INDIANAPOLIS (WISH) — I-Team 8 has collected over 800 complaints of unemployment benefit issues in less than a week.

Now, some are saying they are being asked to repay more than what they actually received in pandemic unemployment benefits.

“It was the scariest letter I had ever received saying I owed this much money,” said Ciana Sorrentino, a IUPUI graduate student studying public policy. “It seemed like some of the case studies that we read about in class about when public agencies essentially, like, mess up.” 

Workforce Development plans to have a briefing at 11 a.m. Friday in a conference room at Indiana Government Center South. People scheduled to speak at the briefing for the news media are Fred Payne, the head of the department; Josh Richardson, the department’s chief of staff; and Regina Ashley, chief unemployment insurance and workforce solutions officer. The briefing will be live on WISH-TV, at and on the WISH-TV app and Facebook page.

Sorrentino says the pandemic hit when she was set to start school. It was then that she lost her job and spent five weeks on unemployment.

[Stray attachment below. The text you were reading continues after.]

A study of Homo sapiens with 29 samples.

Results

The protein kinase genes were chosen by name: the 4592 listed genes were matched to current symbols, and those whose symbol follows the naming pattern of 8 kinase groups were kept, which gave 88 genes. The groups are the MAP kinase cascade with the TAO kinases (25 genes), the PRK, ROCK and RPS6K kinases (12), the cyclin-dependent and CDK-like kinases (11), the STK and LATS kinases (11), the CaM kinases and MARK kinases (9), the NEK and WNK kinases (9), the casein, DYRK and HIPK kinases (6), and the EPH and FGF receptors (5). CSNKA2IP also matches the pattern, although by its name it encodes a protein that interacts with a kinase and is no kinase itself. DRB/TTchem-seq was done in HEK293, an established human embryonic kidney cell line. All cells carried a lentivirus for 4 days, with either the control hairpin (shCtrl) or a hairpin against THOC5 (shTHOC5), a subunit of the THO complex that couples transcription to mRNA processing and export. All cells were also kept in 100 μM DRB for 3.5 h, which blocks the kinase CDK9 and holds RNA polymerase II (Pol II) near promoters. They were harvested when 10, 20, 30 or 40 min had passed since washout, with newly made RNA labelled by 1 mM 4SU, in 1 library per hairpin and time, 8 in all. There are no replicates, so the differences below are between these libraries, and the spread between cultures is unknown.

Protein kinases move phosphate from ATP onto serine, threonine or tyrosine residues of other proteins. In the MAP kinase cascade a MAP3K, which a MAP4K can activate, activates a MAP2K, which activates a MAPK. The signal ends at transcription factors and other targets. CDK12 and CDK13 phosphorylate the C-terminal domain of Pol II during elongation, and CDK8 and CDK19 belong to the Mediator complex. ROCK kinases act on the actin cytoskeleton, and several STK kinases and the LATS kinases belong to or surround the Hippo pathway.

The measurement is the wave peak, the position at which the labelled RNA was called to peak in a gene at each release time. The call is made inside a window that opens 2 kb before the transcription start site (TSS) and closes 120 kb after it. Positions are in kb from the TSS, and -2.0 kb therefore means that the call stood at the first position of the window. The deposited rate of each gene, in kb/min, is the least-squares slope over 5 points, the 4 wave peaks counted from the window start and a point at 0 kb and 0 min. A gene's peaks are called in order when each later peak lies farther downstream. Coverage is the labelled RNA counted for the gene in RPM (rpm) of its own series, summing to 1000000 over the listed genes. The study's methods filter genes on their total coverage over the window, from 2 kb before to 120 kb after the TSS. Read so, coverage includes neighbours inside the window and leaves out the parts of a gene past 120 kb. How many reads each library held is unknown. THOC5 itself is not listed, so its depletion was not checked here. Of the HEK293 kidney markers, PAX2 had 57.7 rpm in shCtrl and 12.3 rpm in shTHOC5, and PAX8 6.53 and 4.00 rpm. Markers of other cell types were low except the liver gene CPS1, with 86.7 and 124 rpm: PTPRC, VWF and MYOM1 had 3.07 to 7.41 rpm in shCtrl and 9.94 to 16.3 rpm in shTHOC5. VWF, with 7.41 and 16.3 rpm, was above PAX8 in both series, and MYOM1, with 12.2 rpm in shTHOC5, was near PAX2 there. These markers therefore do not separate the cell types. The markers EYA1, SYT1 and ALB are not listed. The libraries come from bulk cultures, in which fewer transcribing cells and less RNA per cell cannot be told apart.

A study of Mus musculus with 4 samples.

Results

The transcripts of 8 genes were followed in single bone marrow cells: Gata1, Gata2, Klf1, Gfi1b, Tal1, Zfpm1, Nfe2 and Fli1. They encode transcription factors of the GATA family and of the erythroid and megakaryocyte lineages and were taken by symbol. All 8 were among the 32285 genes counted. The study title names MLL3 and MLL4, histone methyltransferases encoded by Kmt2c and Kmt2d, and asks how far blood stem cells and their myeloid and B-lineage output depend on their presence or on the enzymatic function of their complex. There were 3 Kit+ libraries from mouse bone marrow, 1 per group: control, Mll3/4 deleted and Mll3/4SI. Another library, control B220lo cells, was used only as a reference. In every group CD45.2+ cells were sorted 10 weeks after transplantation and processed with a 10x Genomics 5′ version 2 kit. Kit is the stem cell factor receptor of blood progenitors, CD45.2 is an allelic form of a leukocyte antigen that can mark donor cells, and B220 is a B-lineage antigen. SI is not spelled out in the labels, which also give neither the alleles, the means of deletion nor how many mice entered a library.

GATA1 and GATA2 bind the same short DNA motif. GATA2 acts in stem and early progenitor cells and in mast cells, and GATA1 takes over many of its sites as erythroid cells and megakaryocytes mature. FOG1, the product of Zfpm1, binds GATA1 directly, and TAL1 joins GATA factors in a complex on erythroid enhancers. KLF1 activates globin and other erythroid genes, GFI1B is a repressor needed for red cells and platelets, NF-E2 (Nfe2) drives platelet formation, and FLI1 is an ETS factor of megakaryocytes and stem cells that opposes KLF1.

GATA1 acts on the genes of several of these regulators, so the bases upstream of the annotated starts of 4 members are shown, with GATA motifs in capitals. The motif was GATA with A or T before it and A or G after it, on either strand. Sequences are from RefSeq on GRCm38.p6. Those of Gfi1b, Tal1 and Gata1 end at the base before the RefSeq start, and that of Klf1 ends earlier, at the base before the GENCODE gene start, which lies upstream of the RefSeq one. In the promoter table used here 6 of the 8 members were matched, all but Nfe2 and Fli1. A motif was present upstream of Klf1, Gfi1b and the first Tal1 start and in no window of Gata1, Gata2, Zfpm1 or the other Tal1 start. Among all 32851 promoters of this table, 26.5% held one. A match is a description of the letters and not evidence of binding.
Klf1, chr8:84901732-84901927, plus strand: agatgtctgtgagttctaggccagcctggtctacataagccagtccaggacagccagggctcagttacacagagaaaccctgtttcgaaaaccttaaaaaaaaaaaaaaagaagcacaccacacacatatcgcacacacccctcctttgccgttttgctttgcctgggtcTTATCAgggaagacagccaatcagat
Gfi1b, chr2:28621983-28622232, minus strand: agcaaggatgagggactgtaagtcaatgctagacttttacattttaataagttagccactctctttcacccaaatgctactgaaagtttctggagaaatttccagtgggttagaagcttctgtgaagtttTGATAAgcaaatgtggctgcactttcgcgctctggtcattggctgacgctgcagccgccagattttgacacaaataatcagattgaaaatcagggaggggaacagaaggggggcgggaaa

“I received $573 (in Pandemic Unemployment Assistance) and I had to pay $667 back, and I was just caught off guard,” she said.

Sorrentino says, at the time, she was told she was not allowed to appeal the decision, and so, out of fear, she paid the money.

“I know compared to some of the other stories I’ve been reading, it’s like pennies because I know some people have to pay like thousands of dollars.” 

Sorrentino says it’s time for the Indiana Department of Workforce Development to waive pandemic unemployment payments or at least be more open about what’s happening. “I think transparency is necessary especially when it comes to any sort of financial matter.” 

Others however, find themselves in steeper situations.

“William” shared his story. News 8 agreed to only use his first name. “I received around $10,000, and I have to pay back $13,300. My heart dropped into my stomach.”

“William” told I-Team 8 that the reason he has to pay more is due to taxes. He says he already appealed the decision and was denied. He says the process took nearly six months.

“I drove for Lyft,” he said. When the pandemic started, “I literally sat, for two weeks, sat in my car waiting for rides. I got maybe three rides in two weeks.”

Another person who shared a story was granted anonymity from News 8. The person was told to repay over $10,000 but only received a little over $9,000. That person calls it “a bogus overpayment judgement” by the Indiana Department of Workforce Development.